Making civics count

“A resurgence in civics could stem—and perhaps even reverse… the polarization of US politics and thus the paralysis of the government... If subpar academics in US schools can cause economic problems, then couldn’t subpar civics education cause political problems?” --David E. Campbell, Meira Levinson, and Frederick M. Hess in Making Civics Count: Citizenship Education for a New Generation

For IMMEDIATE RELEASE, October 1, 2012

In their new book Making Civics Count: Citizenship Education for a New Generation (Harvard Education Press 2012), civic education experts David E. Campbell, Meira Levinson, and Frederick M. Hess suggest that improved civic education—a subject commonly considered superfluous among pressures to improve math and reading test scores— has the potential to unhinge a static and polarized democratic society.

Bringing together voices from across field, Making Civics Count provides a broad-minded but coherent account of innovations, impediments, and possibilities in each of these areas.

The contributors in Making Civics Count offer the following takeaways:

  • Improve teacher preparation and development, emphasizing the need for stimulating classroom discussion on real-world issues, civics experiences outside of the classroom, and online civics instruction. Authors include three case studies of successful professional development, highlighting Socratic seminars, Project Citizen, the Supreme Court Summer Institute.


  • Prioritize civic education in classroom curriculum, recognizing that better civic education creates and more informed citizenry, better prepared to constructively participate in a democratic society.  Authors suggest conducting field trips and simulations, such as the Kids Voting USA program, where students register for elections and then vote for their candidate as a part of a school-wide simulation—alongside adults at official polling sites.


  • Leverage diversity in the classroom as an opportunity to learn how to “do democracy” together, regardless of race, religion, or socioeconomic background. For example, South Philadelphia High School hosts Mix It Up Day, in which students and teachers are specifically encouraged to breach established social and geographic barriers. Anoka-Hennepin School District No. S1 in Minnesota holds a Respectful Learning Environment Curriculum Policy, which requires teachers to design lessons that help students examine, understand, and think critically about differing opinions.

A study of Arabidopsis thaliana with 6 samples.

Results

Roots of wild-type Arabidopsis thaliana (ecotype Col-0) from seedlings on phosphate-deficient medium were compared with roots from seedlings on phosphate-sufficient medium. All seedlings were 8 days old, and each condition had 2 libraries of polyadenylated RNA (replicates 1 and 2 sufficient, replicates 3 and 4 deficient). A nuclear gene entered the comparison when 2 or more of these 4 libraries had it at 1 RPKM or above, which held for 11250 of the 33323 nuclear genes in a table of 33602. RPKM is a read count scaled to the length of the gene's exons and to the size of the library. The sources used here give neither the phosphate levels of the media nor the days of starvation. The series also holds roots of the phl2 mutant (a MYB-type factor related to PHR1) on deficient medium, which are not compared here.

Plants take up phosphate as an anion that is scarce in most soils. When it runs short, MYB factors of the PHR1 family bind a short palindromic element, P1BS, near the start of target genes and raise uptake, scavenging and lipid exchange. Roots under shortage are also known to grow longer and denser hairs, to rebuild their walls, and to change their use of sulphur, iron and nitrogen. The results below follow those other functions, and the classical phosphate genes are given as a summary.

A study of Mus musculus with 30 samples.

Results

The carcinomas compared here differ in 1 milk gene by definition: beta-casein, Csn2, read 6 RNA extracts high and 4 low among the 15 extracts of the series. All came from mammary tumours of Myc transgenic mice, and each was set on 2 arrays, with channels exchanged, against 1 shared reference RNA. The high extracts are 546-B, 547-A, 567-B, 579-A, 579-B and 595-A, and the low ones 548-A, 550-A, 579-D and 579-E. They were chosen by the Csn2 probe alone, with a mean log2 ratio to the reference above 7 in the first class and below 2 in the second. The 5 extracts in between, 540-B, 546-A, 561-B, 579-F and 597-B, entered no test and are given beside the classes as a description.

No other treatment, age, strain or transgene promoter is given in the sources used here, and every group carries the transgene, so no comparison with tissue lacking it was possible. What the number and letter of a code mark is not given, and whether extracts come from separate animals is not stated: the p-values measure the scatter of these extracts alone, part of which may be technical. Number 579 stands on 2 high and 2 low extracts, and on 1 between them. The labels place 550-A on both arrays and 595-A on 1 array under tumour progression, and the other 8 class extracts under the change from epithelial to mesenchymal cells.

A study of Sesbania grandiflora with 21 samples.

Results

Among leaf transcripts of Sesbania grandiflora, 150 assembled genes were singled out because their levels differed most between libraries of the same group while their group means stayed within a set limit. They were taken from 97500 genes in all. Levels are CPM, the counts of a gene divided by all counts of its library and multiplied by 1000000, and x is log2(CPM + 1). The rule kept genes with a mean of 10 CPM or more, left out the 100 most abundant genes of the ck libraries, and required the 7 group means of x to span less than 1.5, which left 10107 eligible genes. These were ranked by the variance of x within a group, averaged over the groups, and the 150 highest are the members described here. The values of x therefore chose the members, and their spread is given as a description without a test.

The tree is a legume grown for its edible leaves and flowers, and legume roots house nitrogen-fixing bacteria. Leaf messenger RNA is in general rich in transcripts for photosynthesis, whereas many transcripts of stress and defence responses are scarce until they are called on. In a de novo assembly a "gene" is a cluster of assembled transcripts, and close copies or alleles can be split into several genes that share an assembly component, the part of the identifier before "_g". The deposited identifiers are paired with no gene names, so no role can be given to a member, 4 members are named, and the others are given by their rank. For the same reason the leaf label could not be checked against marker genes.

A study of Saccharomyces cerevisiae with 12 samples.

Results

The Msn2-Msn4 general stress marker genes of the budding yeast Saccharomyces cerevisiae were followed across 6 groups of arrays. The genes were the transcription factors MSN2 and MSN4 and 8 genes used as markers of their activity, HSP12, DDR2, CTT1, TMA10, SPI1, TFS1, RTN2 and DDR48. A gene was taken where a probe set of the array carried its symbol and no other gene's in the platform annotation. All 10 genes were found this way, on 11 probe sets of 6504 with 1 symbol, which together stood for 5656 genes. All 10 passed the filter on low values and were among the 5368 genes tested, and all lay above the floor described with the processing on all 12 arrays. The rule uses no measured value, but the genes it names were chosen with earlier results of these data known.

"This collection of state-of-the-art essays advances the discussion of civics from noble aspiration to empirical evidence and pedagogical practice. The authors, all noted scholars, have shown us how to improve civic education and—in the process—how to strengthen our democracy. It’s time for policymakers to pay attention."       — William A. Galston, Ezra Zilkha Chair in Governance Studies, The Brookings Institution

"'Making Civics Count' models a brilliant alternative to the ideological polarization and paralysis that dominates civic education discourse. Campbell, Levinson, Hess, and the other contributors to this volume hail from across the political spectrum but share a critical commitment to reinvigorate dialogue around civic education. They seek not consensus but spirited engagement—with ideas, with solid empirical data, and with visions for a more robust democracy. This is an important book for scholars, policymakers, and anyone interested in civic education’s future."       — Joel Westheimer, university research chair, sociology of education, University of Ottawa

David E. Campbell is professor of political science at the University of Notre Dame and founding director of the Rooney Center for the Study of American Democracy. Meira Levinson is an associate professor at the Harvard Graduate School of Education. Frederick M. Hess is resident scholar and director of education policy studies at the American Enterprise Institute. All of the editors can also be reached through Lauren Aronson at [email protected] or 202.862.5904.